Just going by the reaction on my Facebook page (you should join, it makes you cooler), the following post is going to incite some people and inspire others. Typically that happens when you attack long accepted “facts” and expose them as merely smoke and mirrors. The concept of building muscle and nutrition to facilitate that goal has been a personal research topic of mine for years which almost ALL the evidence pointing to the fact that you’re eat too many calories to build muscle…
Otherwise put, people think they need way more calories than they assume to increase their muscle size. In reality, their gaining fat and becoming unhealthy. Allow me to start out by saying that in no way am I trying to be a shock jock and am just saying something for attention in the online world, I’m not. I’m going to present multiple factors to support my theory. Chances are, you’ll either hate me for having a educated opinion because you ,somehow, take me poking holes in an old theory as a personal bash or you’ll agree since you’ve been around the ringer a few times yourself trying to see faster results.
Step one: Counting calories and diets based on calories. They don’t work!
Short explanation:They either make you gain weight (and never mistake weight for lean muscle tissues) or they cause you lose weight (never mistake losing weight for fat loss). Your body only recognizes macronutrients (protein, carbs,fats and fibers) and micronutrients (vitamins and minerals). It doesn’t recognize that this meal was X calories and your next meal is Y calories. It’s really simple. Eat more protein, carbs and fats than you need and you get fat. Eat an optimal amount and you build muscle and lose fat.
Medium length explanation: Watch this short and informative video
Step Two: Muscle size increases are tightly regulated by multiple factors with MORE importance than calories coming in.
As a fitness community, we’d rather buy a brand new car than tune up one with only 10,000 miles on it. Our body can handle a certain amount of calories relatively easily yet we’re trying to force more on it instead of optimizing a process that works efficiently to begin with.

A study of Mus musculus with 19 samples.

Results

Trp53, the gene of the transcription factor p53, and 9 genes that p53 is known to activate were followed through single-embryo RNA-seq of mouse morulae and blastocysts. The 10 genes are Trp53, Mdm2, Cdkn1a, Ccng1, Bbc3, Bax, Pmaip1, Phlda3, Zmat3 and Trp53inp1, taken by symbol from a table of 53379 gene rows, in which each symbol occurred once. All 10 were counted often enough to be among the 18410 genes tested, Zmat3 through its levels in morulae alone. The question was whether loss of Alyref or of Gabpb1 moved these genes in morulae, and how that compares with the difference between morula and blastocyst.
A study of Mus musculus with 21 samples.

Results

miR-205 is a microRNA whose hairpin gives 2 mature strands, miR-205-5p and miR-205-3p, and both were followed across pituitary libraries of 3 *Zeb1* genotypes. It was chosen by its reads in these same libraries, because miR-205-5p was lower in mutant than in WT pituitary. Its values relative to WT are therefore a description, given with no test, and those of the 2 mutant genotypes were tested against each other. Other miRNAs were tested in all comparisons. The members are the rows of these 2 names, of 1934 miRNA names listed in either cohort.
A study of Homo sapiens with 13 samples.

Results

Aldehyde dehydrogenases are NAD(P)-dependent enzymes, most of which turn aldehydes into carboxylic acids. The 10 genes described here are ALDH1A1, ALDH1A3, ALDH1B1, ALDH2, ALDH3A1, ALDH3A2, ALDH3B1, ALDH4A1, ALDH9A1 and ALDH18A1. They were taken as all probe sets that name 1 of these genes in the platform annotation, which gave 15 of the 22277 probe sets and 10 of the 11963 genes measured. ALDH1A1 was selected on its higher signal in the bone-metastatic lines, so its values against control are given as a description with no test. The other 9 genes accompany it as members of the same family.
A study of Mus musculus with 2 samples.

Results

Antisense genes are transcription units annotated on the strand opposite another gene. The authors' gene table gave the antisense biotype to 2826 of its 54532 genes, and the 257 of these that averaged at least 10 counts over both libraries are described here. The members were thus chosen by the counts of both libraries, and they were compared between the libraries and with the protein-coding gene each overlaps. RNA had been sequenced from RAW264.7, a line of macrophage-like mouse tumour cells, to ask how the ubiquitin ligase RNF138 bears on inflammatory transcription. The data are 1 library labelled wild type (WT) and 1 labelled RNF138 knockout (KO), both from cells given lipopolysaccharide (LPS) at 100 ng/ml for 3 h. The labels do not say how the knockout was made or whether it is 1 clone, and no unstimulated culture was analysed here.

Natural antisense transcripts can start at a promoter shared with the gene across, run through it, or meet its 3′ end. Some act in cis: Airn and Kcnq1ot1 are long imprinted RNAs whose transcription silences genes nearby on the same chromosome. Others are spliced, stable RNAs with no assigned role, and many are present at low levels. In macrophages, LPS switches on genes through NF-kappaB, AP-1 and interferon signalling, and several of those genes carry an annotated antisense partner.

Testosterone: has been shown to be the determining factor over protein intake. No duh right? More testosterone leads to more muscle. The interesting thing is that it’s not the protein that leads to increased growth by itself. So if protein, the holy grail of muscle nutrition, isn’t the determining factor when one considers resistance training and hormones then there obviously has to be an issue with eating more calories.
Mechanogrowth factor signalling to muscle tissue and the degree of which it is diminished or signaled. This is heavily influenced by our training age and consistency over the course of our training years. Your training programs and how you adapt and evolve your training when the gains slow down plays a critical role, more so, than stuffing your face with more calories.
Inflammation: Generally, out of control inflammation via a poor diet and lifestyle choices can negatively impact your health. Low grade inflammation actually is very vital for muscle growth which is why you saw popular arachidonic acid supplements a few years ago. The supplements tried to capitalize on low grade inflammation to encourage growth and it slightly worked for some people. Now I’m not advocating your use of those supplements, I’m merely suggesting that inflammation does play an important role in muscle growth.
Satellite cells:Research studies have shown that the subjects whom entered various research studies with more satellite cells than their counterparts increased muscle growth more. As our muscle growth slows down, it might very well be indicative of reduced and diminished amounts available to our muscles. Signalling which can be manipulated by our training and nutritional needs.
Our hormonal, nutritional and mechanical signals CHANGE as we progress throughout our lifting career. It has NOTHING to do with the copious amounts of calories that we stuff down our throat. If it was a matter of just eating X amount of calories then how do you explain the celebrities or athletes who build impressive physiques without being slaves to the muscle media?
There’s hidden muscle growth there, it’s just our job to find out how to bring it out.